The popular message to eat less red meat for heart disease and diabetes prevention hasn’t been consistently backed by research, and not all of the studies have looked at the types of meat that people were eating. So, what if some of the perceived risk actually stems from the way the meats are prepared, rather than the meat itself?
A team of researchers from the Harvard School of Public Health reviewed 20 different studies, looking for clues about the connection between red and processed meat consumption and the risk of developing heart disease, diabetes, and stroke.
For the purposes of the review, red meat was defined as unprocessed meat from beef, hamburgers, lamb, pork, and game.
One serving of red meat was 100 grams (about 3.5 ounces).
Processed meats included any meat preserved by smoking, curing, salting, or adding chemical preservatives, such as bacon, salami, sausages, hot dogs, and processed deli meats, including some poultry.
One serving of processed meat was 50 grams (about 1.8 ounces).
The review showed that eating red meat didn’t raise the risk of heart disease or diabetes, but eating processed meat did. Just one daily serving of processed meat increased the risk of heart disease by nearly 1.5 times. Similarly, eating two slices of bacon each day increased the risk of diabetes by almost two times. Few studies looked at the link between meat consumption and stroke risk, but those that did found no connection.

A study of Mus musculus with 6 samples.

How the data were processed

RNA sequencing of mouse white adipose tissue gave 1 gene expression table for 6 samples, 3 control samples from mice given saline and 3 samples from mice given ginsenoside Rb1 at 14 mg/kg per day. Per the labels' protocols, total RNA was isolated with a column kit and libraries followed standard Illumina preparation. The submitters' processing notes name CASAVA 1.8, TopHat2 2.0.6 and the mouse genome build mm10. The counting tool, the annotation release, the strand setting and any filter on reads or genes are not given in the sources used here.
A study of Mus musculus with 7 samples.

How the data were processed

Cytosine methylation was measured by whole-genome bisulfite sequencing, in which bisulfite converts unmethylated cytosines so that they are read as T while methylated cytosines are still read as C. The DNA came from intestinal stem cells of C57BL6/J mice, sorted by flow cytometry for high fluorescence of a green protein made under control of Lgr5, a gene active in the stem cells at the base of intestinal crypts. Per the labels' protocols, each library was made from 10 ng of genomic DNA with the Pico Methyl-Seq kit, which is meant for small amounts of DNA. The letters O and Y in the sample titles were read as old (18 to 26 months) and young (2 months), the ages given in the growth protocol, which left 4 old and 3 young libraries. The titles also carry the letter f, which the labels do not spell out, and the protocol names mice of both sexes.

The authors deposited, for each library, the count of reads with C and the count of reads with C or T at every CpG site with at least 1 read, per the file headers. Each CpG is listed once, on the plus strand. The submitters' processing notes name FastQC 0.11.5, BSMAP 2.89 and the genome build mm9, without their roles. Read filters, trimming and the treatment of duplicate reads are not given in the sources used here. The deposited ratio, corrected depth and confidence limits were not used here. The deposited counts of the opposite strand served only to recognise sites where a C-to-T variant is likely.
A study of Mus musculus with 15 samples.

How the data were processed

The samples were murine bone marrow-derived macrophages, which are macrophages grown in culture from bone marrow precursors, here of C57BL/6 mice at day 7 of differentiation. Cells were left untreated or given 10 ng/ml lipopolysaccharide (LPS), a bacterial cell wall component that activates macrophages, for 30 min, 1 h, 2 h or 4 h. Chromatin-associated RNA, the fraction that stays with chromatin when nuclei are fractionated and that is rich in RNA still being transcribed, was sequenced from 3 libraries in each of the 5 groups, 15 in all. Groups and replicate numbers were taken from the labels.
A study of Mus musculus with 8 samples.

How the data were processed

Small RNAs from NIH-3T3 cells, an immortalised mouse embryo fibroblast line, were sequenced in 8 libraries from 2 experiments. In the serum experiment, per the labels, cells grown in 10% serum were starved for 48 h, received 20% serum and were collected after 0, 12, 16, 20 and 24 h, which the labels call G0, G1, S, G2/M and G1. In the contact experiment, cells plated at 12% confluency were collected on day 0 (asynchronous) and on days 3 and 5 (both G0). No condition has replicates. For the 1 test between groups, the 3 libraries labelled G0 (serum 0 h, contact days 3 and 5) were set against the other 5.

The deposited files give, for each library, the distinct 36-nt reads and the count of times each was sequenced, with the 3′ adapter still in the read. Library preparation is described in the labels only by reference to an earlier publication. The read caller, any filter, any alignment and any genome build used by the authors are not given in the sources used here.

There were little differences in calories, protein content, and amount and types of fats between red and processed meats. The biggest difference was in the amount of sodium and non-salt preservatives, such as nitrites and nitrates. “Higher levels of [these additives] in processed meats could plausibly contribute to increased cardiovascular disease and diabetes risk,” said the researchers.
Just because this review didn’t show a connection between red meat consumption and heart disease or diabetes risk, there are plenty of other benefits to planning your diet around an assortment of veggies, whole grains, fruits, legumes, and nuts. When you do opt for some red meat, make sure it’s the real thing, without salt or chemicals.
Kimberly Beauchamp, ND, earned her bachelor’s degree from the University of Rhode Island and her Doctorate of Naturopathic Medicine from Bastyr University in Kenmore, WA. She cofounded South County Naturopaths in Wakefield, RI, and now sees patients in East Greenwich and Wakefield. Inspired by her passion for healthful eating and her own young daughters, Dr. Beauchamp is currently writing a book about optimizing children’s health through better nutrition.